Kudos to my newest guest blogger Susan Harris for her post below explaining exactly why being a corporate blogger can be fun. She hits all the relevant points (how she coaxes posts out of the staff, how she finds guest authors, etc.). I love her observation that "the networking goes on in the sidebar, too" through a carefully selected blogroll. Read on for the dirt on corporate blogging. Sorry, couldn’t resist.
Field Report from a Local Corporate Blogger – Where Viral Meets Local
Anybody out there losing their blogging mojo, like me? I’ve been at it five years now and have climbed to the top of the heap in my niche (gardening), but still there’s almost no money in it. So I boldly offered my “blogging services” to a local garden center, and damn if they didn’t hire me. Then another. So suddenly I’m a corporate blogger, no matter that the term conjures up savvy 20-somethings in the marketing departments of big national companies.
But blogging for small local businesses is as different from that corporate world as it is blogging for myself, and the shocker to me is that I love doing it, and not just for the moolah. Here’s what I do.
The biggest change from personal blogging is that for paying clients, I can’t blog about whatever’s on my mind; now I try to anticipate what customers want to know. (Lawn care? Always number one.) I blog about events at the store or nearby, and sometimes profile a staffer – all stuff I had no interest in covering on my own blog, but to help a company I support, it’s totally cool. There’s also room for sexier stuff aimed at entertaining readers and creating a bit of buzz: profiles of cool people and places, gardens in the movies, and photo spreads to wow the reader(gardening blogs are worthless without photos).
The Coaxing of Posts from Staff
Ever notice how many small-business blogs fail? Me, too, and usually it’s because employees tasked with blogging don’t have the time, interest or expertise to do it, especially to do it well.
Hiring a professional blogger gives the blog a base of regular posts but still, customers want to hear from the staff, especially those experts on the floor. As blog editor-manager, I need to make it easy as hell for staffers to contribute anything. So I fix up drafts sent to me as emails with great graphics and SEO-happy titles and make their authors proud. More coaxing is required to get bios and photos from them, but that stuff goes a long way to personalizing the company and engaging the readers.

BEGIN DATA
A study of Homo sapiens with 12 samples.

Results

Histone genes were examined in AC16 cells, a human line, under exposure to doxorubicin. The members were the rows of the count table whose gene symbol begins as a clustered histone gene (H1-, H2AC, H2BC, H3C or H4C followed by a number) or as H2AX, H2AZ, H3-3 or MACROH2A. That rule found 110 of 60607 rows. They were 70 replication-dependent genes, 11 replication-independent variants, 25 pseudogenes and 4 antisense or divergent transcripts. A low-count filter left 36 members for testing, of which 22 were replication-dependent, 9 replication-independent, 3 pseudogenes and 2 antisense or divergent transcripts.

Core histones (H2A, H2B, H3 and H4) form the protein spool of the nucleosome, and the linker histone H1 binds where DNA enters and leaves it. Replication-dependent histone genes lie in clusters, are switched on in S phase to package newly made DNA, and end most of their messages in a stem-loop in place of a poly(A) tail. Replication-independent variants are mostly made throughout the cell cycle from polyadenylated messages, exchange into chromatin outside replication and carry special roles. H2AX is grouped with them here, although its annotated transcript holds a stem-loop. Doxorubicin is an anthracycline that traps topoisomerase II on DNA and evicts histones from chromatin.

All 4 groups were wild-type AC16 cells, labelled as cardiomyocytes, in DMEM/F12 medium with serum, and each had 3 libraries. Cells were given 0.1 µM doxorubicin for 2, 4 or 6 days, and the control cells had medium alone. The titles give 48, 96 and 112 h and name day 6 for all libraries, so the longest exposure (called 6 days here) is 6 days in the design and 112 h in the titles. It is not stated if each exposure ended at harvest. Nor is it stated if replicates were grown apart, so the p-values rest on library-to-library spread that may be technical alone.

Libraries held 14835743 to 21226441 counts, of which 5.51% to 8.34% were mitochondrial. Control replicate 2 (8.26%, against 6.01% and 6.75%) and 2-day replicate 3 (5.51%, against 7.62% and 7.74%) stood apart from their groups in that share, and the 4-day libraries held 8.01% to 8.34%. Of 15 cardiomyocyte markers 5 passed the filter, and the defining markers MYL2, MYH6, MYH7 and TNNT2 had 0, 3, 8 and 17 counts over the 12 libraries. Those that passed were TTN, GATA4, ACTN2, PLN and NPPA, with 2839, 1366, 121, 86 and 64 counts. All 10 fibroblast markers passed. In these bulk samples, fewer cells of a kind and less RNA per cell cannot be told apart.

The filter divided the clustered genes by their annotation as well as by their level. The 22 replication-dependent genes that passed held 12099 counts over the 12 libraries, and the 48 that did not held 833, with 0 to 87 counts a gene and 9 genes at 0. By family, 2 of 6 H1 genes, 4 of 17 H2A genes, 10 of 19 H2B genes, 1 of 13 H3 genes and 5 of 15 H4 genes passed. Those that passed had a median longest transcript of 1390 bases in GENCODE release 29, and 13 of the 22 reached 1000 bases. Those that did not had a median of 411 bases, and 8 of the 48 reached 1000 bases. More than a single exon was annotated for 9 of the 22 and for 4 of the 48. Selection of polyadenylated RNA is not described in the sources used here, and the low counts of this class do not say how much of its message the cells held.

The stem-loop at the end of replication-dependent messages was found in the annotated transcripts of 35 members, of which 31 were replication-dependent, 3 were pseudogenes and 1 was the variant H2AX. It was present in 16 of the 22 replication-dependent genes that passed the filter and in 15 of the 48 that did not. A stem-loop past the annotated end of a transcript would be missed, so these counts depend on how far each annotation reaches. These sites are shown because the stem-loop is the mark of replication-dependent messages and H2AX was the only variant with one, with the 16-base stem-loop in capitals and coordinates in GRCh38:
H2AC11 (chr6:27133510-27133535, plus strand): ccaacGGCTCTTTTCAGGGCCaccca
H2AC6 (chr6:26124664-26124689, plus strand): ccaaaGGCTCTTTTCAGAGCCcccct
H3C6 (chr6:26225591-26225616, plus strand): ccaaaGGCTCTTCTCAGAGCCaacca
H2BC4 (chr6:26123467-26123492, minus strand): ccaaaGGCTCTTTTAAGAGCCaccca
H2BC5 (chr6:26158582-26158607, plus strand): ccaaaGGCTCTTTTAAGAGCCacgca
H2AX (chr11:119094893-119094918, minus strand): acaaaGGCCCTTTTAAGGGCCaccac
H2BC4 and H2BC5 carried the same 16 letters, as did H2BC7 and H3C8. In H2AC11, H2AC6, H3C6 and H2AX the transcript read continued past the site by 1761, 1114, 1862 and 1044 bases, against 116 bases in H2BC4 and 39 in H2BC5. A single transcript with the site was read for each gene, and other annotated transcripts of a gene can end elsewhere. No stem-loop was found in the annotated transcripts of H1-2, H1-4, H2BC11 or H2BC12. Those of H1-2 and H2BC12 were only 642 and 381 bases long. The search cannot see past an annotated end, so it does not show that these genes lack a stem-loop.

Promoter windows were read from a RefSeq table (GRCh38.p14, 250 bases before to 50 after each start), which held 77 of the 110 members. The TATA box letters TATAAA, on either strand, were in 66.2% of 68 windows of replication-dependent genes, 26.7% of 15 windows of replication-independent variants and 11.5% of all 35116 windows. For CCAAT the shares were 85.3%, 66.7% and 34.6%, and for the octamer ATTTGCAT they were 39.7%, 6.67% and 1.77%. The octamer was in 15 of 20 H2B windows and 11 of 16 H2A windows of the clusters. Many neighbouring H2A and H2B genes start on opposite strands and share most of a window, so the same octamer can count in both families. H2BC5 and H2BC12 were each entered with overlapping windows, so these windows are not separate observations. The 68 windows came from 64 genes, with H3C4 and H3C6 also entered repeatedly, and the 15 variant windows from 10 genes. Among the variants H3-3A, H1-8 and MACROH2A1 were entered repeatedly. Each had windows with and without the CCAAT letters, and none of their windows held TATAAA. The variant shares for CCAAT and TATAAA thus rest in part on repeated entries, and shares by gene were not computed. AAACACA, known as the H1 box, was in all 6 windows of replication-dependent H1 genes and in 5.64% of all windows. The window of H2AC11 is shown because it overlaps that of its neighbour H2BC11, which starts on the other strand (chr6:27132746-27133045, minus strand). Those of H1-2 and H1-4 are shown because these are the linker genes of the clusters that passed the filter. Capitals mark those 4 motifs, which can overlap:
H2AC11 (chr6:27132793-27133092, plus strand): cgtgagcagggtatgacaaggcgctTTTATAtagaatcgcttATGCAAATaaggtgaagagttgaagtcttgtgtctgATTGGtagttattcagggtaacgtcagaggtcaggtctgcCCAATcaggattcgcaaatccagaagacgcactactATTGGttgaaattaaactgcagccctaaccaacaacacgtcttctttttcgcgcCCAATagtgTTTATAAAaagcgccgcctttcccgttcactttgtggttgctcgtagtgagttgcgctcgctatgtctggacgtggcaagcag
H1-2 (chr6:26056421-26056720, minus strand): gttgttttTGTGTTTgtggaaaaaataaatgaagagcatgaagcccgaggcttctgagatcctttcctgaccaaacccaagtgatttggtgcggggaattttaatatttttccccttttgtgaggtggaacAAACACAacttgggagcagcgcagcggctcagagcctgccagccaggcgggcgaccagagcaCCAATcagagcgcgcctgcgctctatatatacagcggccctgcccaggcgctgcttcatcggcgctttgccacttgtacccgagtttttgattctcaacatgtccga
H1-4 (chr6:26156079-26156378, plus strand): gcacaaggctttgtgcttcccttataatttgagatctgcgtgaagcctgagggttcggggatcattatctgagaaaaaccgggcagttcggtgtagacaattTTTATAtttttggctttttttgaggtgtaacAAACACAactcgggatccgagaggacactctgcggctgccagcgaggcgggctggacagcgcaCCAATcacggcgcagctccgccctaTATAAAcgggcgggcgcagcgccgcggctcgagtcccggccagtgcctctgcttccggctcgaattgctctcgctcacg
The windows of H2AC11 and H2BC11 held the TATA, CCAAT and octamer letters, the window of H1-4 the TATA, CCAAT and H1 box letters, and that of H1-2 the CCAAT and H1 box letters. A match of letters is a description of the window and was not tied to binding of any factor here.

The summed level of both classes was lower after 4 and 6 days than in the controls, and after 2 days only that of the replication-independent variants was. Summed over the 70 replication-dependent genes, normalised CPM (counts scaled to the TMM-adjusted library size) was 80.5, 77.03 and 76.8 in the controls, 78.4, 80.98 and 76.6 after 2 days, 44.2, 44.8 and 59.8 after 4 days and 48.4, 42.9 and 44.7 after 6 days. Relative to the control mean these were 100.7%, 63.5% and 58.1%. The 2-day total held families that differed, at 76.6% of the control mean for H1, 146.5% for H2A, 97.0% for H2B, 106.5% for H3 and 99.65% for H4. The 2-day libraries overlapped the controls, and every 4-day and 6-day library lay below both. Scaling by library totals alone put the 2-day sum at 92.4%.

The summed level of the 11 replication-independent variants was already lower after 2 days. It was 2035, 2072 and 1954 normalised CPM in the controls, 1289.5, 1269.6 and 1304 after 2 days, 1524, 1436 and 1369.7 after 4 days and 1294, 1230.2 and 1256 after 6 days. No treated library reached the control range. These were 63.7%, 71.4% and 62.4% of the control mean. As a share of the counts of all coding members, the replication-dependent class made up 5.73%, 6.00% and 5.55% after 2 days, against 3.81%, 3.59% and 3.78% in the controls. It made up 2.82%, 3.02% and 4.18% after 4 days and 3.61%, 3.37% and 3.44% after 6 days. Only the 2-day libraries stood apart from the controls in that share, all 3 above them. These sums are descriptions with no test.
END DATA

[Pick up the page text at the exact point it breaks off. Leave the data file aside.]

More Coaxing of Guest Posts
My favorite part of the job may be soliciting guest posts from gardening experts in the region. Many will guest-post for free – to promote their new book or their organization, while others looking to make a living (not easy in the gardening world) need to be paid, and we offer $100 per post - a bargain price for a whole lotta impact, and buzz. Prominent guests also add big-time to the credibility of the company and its website/blog.
The Promoting(that Local/Viral Thing)
Now promoting my own blog and the causes I’ve worked on, that’s one thing, but promoting a company? That makes the former hippie in me squirm a bit but the key is working for companies I actually want to succeed – in this case independent, family-owned companies. Who wouldn’t I promote? The Big Boxes that are ruining those small companies, or the agents of Big Chem in the gardening world (think Scotts Miracle-Gro and its ilk).
But with the ick factor not a concern, corporate blogs are an awesome tool for networking (especially when turbo-powered by its new best friends Facebook and Twitter). So when I promote local Master Gardeners and community gardens, those folks pass the link along and put us on their website.
The networking goes on in the sidebar, too. We have long blogrolls of clubs, nonprofits, public gardens to visit, other gardenblogs – all local. (Take that, boring national gardening blog launched this year by Lowes.)
So How Much Does it Cost?
A professionally written and managed garden-center blog can become THE online resource and hub for gardeners in a given region for about $15-20,000 a year, a fraction of their budget for print ads and Yellow Pages (remember them?).
Wanna guest post on this blog?
Here are the guidelines: your post must be congruent with the topics covered on this blog (corporate social media, publishing 2.0, government 2.0, etc.). It must be interesting, original and provocative. It must be well written, requiring little or no editing. There is no pay - you do it for glory and fame.
And did I mention, you must be a damn good writer. Thanks to my first guest contributor, author Douglas Karr, for being all of the above.